Miss Virginia’s Food Pantry in Fort Wayne has experienced a year of change, including new leadership and adaptation to the coronavirus pandemic. Greg Witte stepped in as director in January following the retirement of former director Joseph Miller. He continues the good work of foundress Virginia Schrantz.
For Witte, Miss Virginia’s provided a way for him to assist his community.
“I wanted to give back what had been given to me,” Witte said. “I always wanted to volunteer.”
He brings to the position more than 40 years of experience in the meat industry, as well as management skills. He said he discovered the open director position while looking through his Sunday bulletin and decided to reach out.
Under Witte’s leadership this year, the food pantry, located near St. Mary, Mother of God Church, has continued to assist those in need during the pandemic. Masks, social distancing, plexiglass partitions and temperature checks are the new norm at Miss Virginia’s.
Miss Virginia’s provides families with food supplies on Tuesdays and Wednesdays. During the initial pandemic-related shutdown, operations moved outside, with people driving through to receive food.
A dedicated team of volunteers serves around 700 people a week, down from the pre-COVID number of more than 900.
“If I could say one thing that makes this thing go for me, it’s the group of people downstairs, those volunteers,” Witte said. “I feel really blessed.”
Former director Miller, who served from 2015 to 2019, also said he had felt called to help others. A retired teacher for Fort Wayne Community Schools, he appreciated what he had been given.
“I knew somehow I wanted to give back to the community,” Miller said. He received a community service award from the American Legion in 2018 and was named a Paul Harris Fellow by the Rotary Foundation for that service.
“There’s so much satisfaction in helping people that are in need.” Miller said. “We share the bounty of the county.”
Another change at the food pantry is the upcoming retirement of Leon Youngpeter, president of the Inner City Hope Corporation board. Planning to step down at the end of 2020, he has spent his time helping those in need. He started the St. Mary Christmas Food Box program in 1985, and it was through that program that he met Schrantz.
Schrantz was a Fort Wayne resident who opened her home to those in need in her neighborhood. A retired nurse, she provided care and support to everyone she met, and gave them supplies such as food and clothing. People began to refer to her home as “Miss Virginia’s.” Many Fort Wayne schools began donating items for Schrantz to give away.
News of her good work spread. She had a visit from Mother Teresa, who came to her home in 1982. In 1992, she had the honor of traveling to Washington, D.C., to receive the International Service to Mankind Award. Schrantz continued helping those in her neighborhood for 40 years.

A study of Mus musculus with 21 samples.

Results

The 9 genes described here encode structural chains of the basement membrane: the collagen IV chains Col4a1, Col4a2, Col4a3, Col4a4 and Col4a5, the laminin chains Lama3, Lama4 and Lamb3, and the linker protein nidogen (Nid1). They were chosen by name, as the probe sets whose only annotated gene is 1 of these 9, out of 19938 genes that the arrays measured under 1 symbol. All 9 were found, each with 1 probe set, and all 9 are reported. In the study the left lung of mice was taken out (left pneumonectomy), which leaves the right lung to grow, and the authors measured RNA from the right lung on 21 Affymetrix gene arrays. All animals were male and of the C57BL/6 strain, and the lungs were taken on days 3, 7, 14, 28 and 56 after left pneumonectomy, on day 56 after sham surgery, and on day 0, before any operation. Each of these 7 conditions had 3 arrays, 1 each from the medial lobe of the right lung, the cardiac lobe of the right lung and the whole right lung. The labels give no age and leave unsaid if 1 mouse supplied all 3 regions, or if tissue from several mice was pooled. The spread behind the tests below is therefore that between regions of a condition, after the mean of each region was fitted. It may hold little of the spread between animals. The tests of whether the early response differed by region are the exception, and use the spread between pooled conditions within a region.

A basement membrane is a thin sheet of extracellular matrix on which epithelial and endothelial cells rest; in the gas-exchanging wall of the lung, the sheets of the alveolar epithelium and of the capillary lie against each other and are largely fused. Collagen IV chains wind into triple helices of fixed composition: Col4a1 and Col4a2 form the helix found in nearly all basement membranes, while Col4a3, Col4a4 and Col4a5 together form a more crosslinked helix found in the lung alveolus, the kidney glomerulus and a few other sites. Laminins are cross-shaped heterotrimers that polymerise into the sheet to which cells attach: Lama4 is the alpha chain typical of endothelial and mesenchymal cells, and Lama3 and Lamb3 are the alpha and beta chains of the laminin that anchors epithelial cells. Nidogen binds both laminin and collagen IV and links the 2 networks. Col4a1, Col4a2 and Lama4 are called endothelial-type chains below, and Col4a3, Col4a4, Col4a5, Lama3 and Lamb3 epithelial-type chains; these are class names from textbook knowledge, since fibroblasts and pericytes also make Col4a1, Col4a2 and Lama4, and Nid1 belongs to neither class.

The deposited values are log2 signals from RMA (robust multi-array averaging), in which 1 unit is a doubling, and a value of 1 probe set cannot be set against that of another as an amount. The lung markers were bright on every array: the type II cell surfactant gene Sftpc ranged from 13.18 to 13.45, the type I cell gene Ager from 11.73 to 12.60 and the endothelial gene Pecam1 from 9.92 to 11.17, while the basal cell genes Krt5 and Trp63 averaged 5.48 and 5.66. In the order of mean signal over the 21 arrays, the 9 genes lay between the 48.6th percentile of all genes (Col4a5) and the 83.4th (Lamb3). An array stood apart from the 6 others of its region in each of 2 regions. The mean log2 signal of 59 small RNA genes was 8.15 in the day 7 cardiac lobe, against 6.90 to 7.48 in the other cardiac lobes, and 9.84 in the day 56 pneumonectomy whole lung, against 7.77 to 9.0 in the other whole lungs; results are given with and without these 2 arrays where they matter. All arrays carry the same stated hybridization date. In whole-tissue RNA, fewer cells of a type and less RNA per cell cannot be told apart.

Youngpeter had the opportunity to meet and talk with Schrantz at her home. He brought her leftover food from the food box program to give to the people she served.
“I think truly she was a saint,” said Youngpeter. “I think she was cut from the same mold as Mother Teresa. She was such a human, kind, loving person. All she did was give to other people. If the world had people like her, it would just be a whole entirely different world.”
In 1995, Schrantz asked Father Tom O’Connor, former pastor at St. Mary, Mother of God, if there was anything he could do to serve those coming to her home once she passed away. Father O’Connor worked with a lawyer to create the Inner City Hope Corporation, turning Miss Virginia’s work into a nonprofit organization.
Following her death in 1998, Miss Virginia’s home became Miss Virginia’s Mission House, serving around 210 families per week.
In 2014, after noticing the lack of food given to those visiting, Youngpeter saw the need for a better food system. He worked to implement the Balanced and Nutritional Food Program, which provides a wider variety and volume of foods for a better and more wholesome diet. “Our goal is to always provide healthy, nutritional food,” Youngpeter said.
Under Miller’s leadership in 2015, Miss Virginia’s Mission House changed its name to Miss Virginia’s Food Pantry to clarify the purpose of the house. Previously, the mission house had provided additional items such as clothing or other supplies, but they decided to focus specifically on food, so as not to duplicate other active ministries in the area that already provided those items.
Located at 1312 S. Hanna St., Miss Virginia’s Food Pantry operates out of Miss Virginia’s home and is the third-largest food pantry in Indiana. It runs entirely on donations from generous businesses, food banks and individuals. Community Harvest Food Bank and Tim Didier Meats provide Miss Virginia’s with food, as do many other donors. The Community Foundation of Greater Fort Wayne has assisted Miss Virginia’s with funding, along with other businesses and individuals.
To learn more about Miss Virginia’s Food Pantry and how to help, visit www.missvirginiafoodpantry.com.